U.S. Markets closed

Stocks gain led by materials companies

Steve Rothwell, AP Markets Writer

FILE - In this Thursday, April 4, 2013 file photo, traders work on the floor of the New York Stock Exchange. World stock markets rose Tuesday April 9, 2013 as investors looked ahead to U.S. corporate earnings, but Japan's benchmark index finished marginally lower, ending a four-session rally sparked by the Bank of Japan's bold program to revive the country's moribund economy. (AP Photo/Richard Drew, File)

NEW YORK (AP) -- Stocks climbed on Wall Street, led by materials and energy companies after a rally in commodity prices.

The Dow Jones industrial average was up 89 points, 0.6 percent, to 14,702 as of 2:32 p.m. EDT. The Standard & Poor's 500 index climbed nine points, or 0.6 percent, to 1,572.

The prices of metals like copper, gold and silver have rebounded this week after slumping for the first three months of the year on waning demand. Oil is also rising following a sharp decline last week.

"You're seeing some pretty decent action in the overall market, with today's leadership coming from the basic materials sector," said Robert Pavlik, chief market strategist at Banyan Partners. "It's an area of the market that does represent some value because it's underperformed."

Material companies were the biggest gainers of the 10 industry groups in the S&P 500, rising 1.2 percent. Energy companies posted the second best return, advancing 1 percent.

Cliff's Natural Resources, an iron ore mining company, rose $1.54, or 8.2 percent, to $20.32. The company's stock is still down 47 percent this year. Freeport-McMoRan Copper & Gold, another mining company, was up $1.34, or 4.1 percent, at $33.77.

The stock of First Solar Inc. soared after the solar panel maker issued a better-than-expected outlook for 2013 and solid predictions for the following two years, helped by continued growth in shipments. The stock price rose nearly $13, or 46 percent, to $39.52.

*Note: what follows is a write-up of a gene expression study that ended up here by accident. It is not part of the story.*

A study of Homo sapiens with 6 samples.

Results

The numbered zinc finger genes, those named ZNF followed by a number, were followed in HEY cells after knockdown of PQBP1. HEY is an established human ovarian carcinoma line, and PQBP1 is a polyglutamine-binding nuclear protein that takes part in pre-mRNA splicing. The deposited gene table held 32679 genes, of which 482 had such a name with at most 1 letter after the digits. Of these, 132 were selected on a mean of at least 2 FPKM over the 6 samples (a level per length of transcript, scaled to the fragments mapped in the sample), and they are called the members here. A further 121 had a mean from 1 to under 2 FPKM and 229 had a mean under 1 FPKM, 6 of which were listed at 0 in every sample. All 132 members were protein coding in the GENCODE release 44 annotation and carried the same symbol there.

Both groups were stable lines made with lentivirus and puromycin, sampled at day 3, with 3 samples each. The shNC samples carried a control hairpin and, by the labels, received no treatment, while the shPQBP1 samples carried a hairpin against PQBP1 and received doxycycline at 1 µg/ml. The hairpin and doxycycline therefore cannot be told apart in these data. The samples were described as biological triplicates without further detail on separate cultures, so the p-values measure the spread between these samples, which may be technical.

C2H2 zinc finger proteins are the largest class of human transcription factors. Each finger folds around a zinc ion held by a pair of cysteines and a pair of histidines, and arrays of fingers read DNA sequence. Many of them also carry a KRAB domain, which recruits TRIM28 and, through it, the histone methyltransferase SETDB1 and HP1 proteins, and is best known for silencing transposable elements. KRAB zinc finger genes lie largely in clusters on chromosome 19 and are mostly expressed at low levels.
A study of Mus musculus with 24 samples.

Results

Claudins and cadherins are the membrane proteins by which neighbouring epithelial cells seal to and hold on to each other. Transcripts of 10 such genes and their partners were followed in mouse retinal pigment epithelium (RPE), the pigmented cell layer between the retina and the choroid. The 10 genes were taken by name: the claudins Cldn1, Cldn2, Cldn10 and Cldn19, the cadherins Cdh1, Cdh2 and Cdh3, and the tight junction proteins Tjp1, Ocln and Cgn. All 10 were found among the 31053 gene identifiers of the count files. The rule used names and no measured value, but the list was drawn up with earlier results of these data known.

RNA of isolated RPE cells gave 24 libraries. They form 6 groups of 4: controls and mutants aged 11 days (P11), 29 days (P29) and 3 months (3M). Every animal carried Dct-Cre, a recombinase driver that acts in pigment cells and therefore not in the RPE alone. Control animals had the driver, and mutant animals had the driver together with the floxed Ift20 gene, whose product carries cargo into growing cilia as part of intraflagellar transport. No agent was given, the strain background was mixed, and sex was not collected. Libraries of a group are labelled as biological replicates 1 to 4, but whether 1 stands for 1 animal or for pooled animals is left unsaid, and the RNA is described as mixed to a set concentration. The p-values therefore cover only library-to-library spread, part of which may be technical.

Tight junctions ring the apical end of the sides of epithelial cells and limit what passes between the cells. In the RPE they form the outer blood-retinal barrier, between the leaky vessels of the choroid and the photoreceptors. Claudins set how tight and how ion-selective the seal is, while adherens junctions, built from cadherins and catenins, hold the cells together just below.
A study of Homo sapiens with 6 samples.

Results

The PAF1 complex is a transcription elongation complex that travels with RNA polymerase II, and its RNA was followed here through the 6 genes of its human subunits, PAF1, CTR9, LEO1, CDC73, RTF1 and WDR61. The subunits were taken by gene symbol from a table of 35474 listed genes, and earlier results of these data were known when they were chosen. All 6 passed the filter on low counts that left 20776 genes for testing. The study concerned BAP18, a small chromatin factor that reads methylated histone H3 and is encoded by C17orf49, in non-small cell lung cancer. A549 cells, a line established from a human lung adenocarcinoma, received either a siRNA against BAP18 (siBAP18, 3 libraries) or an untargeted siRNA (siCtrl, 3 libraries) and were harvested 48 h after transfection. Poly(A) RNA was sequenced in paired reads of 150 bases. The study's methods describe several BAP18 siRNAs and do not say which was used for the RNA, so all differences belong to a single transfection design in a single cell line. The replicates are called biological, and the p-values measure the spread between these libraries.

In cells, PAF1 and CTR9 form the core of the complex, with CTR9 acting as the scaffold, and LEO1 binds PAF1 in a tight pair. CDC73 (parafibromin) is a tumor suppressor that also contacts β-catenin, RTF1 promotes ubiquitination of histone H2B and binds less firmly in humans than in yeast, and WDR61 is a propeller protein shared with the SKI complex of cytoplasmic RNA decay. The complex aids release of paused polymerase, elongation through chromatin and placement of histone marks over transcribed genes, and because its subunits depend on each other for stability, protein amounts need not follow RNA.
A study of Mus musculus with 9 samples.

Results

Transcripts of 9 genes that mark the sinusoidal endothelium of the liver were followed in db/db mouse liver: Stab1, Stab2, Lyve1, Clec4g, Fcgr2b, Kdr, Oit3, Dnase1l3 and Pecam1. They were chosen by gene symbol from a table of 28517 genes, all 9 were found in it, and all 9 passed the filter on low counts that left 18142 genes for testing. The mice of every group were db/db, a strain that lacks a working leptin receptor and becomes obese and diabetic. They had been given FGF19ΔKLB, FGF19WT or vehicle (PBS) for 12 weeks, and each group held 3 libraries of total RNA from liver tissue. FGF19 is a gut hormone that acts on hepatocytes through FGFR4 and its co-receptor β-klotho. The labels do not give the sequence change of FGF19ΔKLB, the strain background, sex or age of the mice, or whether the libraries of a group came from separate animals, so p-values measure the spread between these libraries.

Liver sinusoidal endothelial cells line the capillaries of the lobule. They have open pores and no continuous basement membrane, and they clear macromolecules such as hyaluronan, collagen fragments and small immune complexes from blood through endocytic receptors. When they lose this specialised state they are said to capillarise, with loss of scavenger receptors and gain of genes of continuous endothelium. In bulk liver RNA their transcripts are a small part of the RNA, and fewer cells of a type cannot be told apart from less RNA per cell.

Tuesday's advances put the Dow on track for a record close and suggested that a three week period of indecisiveness for traders and investors may be over.

The stock market has mostly moved sideways since the middle of March. The Dow has alternated between small gains and losses, after starting the year on a tear. Signs of slowing growth and concerns about the outlook for Europe had checked investors' confidence.

Alcoa, traditionally the first company in the Dow to report results, was little changed at $8.40 after the company posted its earnings late Monday. The aluminum producer's earnings beat Wall Street's expectations but the company was still weighed down by depressed aluminum prices, which offset strong demand from auto and plane makers.

Online auto retailer CarMax, home goods retailer Bed Bath & Beyond and banks Wells Fargo and JPMorgan Chase are among companies that will report earnings later this week.

Investors will be looking to see whether companies are feeling an impact from government spending cuts that kicked in recently, said Jim Russell, investment director at U.S. Bank. They will also want to know what impact there will be from the ongoing debt crisis in Europe.

"The market is looking for companies to fill in those blanks," said Russell.

J.C. Penney Co. plunged $1.87, or 12 percent, to $13.99 following its ouster of CEO Ron Johnson after only 17 months on the job. J.C. Penney announced late Monday that it had rehired Johnson's predecessor, Mike Ullman, who was CEO of the department store operator for seven years until November 2011.

Analysts and investors are questioning whether Ullman has what it takes to turn around the retailer's fortunes after sales plummeted under Johnson's reign.

The Russell 2000 index, a measure of small companies rose two points, or 1.1 percent, to 933. The index has slumped this month after rising 12 percent in the first quarter and performing better than both the Dow and S&P 500.

The Nasdaq composite gained 23 points, or 0.7 percent, to 3,245.

While stocks are struggling to extend their gains from the start of the year, bonds have rallied.

The yield on the 10-year Treasury note was unchanged at 1.75 percent. But the benchmark rate has fallen from a high of 2.06 percent reached March 11 as demand for low-risk assets increases.